IN 2002, the Bush regime set up a primitive prison camp at the U.S. military base in Guantanamo Bay, Cuba. Over six years they held 776 men there without charges, using what they called “enhanced interrogation” and the rest of the world calls “torture.” Bush called these men “the worst of the worst,” though most had been turned in for $5,000 cash bounties the U.S. paid, and had no connection to attacks on the U.S. An international outcry brought about the release of more than 500 of the prisoners.
Torture is a war crime, and a crime against humanity.
International and U.S. law prohibit torture, under any and all circumstances, without exception. If we fail to hold our government and its officials accountable for the American torture state they have constructed, we are condoning that torture and it will continue to occur.
The systemic abuse witnessed at Guantanamo is sustained by a culture of impunity. High government officials responsible for wars of aggression and conspiracy to commit torture walk free, unrepentant and boldly advocating for more of the same.
Why is Guantanamo still open?
And what can we do to close it?
Evidence against some prisoners is tainted, usually because of a tortured confession. There is no legal way to get a conviction. Political calculation notwithstanding, in a free and just society, anyone detained by the government must be charged and given a fair trial, or released. And that won’t happen by the secret military tribunal system that President Obama has established to replace real justice.
The U.S. commander-in-chief has authority, independent of Congressional approval, to close the hated prison camp with the stroke of a pen. It’s up to us to make that happen.
On January 11, 2016, the U.S. torture camp at Guantanamo will have been open 14 years.
One of Obama’s first acts as president in 2008 was to order closure of Guantanamo within one year, leading most people to think the terrible practice of preemptive incarceration without trial is over. But it isn’t.
105 men are still held, 46 of whom are cleared for release. They suffer the Obama administration’s policy of indefinite detention. An unknown number of hunger strikers are being force-fed in violation of the United Nations Convention Against Torture.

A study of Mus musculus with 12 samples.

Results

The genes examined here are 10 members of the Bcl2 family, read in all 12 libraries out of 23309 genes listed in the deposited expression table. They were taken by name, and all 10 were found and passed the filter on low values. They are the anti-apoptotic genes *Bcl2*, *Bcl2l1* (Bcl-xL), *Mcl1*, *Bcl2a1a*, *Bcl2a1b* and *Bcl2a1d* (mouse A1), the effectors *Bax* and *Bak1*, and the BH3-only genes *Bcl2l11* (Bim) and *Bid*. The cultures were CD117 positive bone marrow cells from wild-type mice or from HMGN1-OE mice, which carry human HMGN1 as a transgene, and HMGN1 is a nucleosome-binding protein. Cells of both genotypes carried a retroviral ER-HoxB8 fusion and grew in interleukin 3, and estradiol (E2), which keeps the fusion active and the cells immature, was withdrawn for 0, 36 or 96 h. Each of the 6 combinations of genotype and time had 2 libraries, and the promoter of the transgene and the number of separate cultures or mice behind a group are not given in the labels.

The closure of Guantanamo Bay Prison Camp can’t wait. The abomination of U.S. torture must not only end; the rationale of “exceptionalism” — that American lives are worth more than others — must be repudiated.
Guantanamo: how will WE be judged?
Our government has done its best to hide the torture practiced at the experimental off-shore prison camp and forestall any attempts at accountability for the perpetrators and enablers of those crimes. But thanks to a courageous and ongoing hunger strike by prisoners, Obama was forced to condemn extrajudicial punishment.
Protestations of executive “my hands are tied” impotence are no longer plausible. It is up to us to demand closure of Guantanamo and repudiation of the lawlessness exhibited there.
When IGNORE–ance = death, silence is not an option
“The president knows that Guantanamo is wrong, legally and morally,” says Wells Dixon, senior attorney for the Center for Constitutional Rights, who has represented clients at Gitmo since 2005. “But the failure to ensure accountability for the sins of the prior administration is like trying to avoid treatment for mental illness with the hope that it will go away,” he says. “The more you ignore it, the more it comes back to haunt you.”
The President and Congress have responded to prisoner demands with callous disregard for basic legal and human rights. Murder by neglect… is this the end of the line? Will people living in the United States accept this version of history? Or will we step up to the task at hand and close down Guantanamo once and for all?